India, Pak spar over 'confessional' video of alleged Indian 'spy'
India and Pakistan on Tuesday sparred after the Pakistan Army released a video of an arrested ex-Indian Navy officer purportedly "confessing" his "involvement" in terror activities in Balochistan at his country's behest, a charge rubbished by India, which alleged he could have been "abducted" from Iran
Islamabad/New Delhi: India and Pakistan on Tuesday sparred after the Pakistan Army released a video of an arrested ex-Indian Navy officer purportedly "confessing" his "involvement" in terror activities in Balochistan at his country's behest, a charge rubbished by India, which alleged he could have been "abducted" from Iran.
New Delhi also sought from Islamabad consular access to the Indian national.
The head of Pakistan Army's Inter-Services Public Relations (ISPR) Lt Gen Asim Bajwa and Federal Information Minister Pervez Rashid held a press conference in Islamabad to release the video, saying Kul Bhoshan Yadav "confessed" to working for Indian intelligence agency RAW to "foment trouble" in the restive province of Balochistan.
Yadav had been arrested recently in Pakistan, which described him as an officer of the Indian Navy, a claim debunked by the Indian government which said he had no link with the Government since his premature retirement from the Navy but Bajwa claimed that Yadav was still a serving officer due to retire in 2022.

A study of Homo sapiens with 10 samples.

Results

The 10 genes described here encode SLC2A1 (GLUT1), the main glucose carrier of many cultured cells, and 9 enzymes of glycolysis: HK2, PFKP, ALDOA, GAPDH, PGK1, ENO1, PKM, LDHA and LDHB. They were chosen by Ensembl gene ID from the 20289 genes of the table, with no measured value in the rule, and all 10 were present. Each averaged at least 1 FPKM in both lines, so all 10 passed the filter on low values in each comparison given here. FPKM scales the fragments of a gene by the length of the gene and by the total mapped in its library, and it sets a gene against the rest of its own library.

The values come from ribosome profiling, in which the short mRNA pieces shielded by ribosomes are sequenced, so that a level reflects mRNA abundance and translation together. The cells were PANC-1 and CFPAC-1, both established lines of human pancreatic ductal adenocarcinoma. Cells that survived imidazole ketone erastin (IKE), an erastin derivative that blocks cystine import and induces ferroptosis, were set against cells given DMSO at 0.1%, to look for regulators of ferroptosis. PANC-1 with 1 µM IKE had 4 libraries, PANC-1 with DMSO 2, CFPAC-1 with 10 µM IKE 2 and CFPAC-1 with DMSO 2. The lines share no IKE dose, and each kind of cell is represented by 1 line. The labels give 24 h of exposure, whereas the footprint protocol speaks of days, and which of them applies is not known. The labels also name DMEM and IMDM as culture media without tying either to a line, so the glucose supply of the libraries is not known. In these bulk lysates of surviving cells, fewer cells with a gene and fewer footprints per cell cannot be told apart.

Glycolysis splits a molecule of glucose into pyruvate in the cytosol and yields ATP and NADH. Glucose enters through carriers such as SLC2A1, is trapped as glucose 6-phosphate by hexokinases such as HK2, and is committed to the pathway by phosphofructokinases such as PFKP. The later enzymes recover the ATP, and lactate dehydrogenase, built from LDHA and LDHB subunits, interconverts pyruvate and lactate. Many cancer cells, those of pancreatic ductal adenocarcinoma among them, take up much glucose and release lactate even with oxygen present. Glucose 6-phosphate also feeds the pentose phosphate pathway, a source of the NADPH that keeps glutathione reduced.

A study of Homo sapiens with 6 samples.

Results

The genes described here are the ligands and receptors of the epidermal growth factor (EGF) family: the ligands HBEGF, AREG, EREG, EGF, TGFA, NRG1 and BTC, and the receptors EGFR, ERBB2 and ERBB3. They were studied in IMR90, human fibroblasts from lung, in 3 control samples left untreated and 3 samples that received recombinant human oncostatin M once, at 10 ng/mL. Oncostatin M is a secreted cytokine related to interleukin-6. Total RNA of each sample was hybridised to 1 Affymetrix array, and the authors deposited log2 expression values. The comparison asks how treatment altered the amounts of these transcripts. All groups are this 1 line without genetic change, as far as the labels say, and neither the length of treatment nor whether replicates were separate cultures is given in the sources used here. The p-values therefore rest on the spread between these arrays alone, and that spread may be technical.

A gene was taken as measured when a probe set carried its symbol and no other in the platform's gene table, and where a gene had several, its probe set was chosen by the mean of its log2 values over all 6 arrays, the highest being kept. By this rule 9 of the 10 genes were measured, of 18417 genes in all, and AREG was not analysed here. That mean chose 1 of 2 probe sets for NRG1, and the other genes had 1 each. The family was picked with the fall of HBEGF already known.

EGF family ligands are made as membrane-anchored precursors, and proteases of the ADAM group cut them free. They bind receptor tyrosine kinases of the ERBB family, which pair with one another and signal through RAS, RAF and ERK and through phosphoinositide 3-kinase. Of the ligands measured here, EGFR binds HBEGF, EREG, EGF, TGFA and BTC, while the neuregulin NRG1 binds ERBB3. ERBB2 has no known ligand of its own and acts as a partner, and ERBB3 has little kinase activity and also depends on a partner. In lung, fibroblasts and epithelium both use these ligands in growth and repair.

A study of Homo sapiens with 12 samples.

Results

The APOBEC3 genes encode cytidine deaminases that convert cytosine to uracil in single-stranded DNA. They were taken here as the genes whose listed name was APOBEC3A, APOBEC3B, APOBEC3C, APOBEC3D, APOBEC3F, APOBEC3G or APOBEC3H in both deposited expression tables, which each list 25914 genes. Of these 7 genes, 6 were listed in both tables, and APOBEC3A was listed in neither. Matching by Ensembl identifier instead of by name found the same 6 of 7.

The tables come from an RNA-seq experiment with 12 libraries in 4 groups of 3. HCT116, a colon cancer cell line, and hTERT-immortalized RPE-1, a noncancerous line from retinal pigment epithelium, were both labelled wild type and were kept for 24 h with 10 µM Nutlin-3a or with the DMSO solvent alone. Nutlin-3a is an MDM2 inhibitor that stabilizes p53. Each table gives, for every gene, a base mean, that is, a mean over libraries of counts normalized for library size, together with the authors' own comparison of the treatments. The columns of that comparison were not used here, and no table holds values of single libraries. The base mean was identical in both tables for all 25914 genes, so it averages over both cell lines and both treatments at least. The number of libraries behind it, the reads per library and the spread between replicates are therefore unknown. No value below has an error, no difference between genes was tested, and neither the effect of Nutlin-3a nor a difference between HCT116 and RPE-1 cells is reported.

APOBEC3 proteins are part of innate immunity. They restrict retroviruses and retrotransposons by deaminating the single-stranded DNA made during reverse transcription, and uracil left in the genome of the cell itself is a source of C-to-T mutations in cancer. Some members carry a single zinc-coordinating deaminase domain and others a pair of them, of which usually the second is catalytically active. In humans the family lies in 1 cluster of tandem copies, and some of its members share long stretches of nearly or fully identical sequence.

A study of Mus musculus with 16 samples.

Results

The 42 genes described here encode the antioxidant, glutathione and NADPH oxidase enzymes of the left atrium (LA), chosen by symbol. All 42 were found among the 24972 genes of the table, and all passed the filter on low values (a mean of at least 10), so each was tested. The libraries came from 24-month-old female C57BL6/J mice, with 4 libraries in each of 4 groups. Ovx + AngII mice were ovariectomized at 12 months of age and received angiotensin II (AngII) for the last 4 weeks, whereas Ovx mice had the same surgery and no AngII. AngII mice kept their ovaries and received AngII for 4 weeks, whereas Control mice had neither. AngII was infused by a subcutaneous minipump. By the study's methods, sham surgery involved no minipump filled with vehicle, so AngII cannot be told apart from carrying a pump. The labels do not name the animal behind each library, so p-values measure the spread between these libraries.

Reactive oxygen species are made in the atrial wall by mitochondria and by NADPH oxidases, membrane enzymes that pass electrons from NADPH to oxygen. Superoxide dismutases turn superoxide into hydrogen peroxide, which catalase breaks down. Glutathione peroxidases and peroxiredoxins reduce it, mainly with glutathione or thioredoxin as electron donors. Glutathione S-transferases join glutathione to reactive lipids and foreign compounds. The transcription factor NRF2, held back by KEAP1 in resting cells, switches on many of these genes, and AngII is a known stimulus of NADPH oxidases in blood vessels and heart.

"We have seen a video released by Pakistani authorities of a former Indian Naval officer, doing business in Iran, who is in Pakistani custody under unexplained circumstances. The video has this individual making statements which have no basis in fact. That the individual claims to make the statements of his own free will not only challenges credulity but clearly indicates tutoring," the External Affairs Ministry said in a press statement released in Delhi tonight.
"Government categorically rejects allegations that this individual was involved in subversive activities in Pakistan at our behest. Our enquiries reveal that he apparently was being harassed while operating a legitimate business from Iran.
"While we probe this aspect further, his presence now in Pakistan raises questions, including the possibility of his
abduction from Iran. This would become clear only if we are given consular access to him and we urge the Government of Pakistan to respond immediately to our request," it said.
The statement further said, "It is also relevant to note here that despite our request, we have not been given consular access to an Indian national under detention in a foreign country, as is the accepted international practice."
"We are naturally concerned about his well-being in these circumstances," it added.
Citing Yadav's case, Bajwa accused India of carrying out"state-sponsored terrorism" in Pakistan. There cannot be a clearer "evidence of Indian interference in Pakistan", he claimed.
The Pakistanis claimed that Yadav had established a small business in Chabahar in Iran and had "directed" anti-Pakistan activities in Karachi and Balochistan.
"He converted to Islam and worked at Gadani under the cover of a scrap dealer," Bajwa said at a joint press conference with Rashid.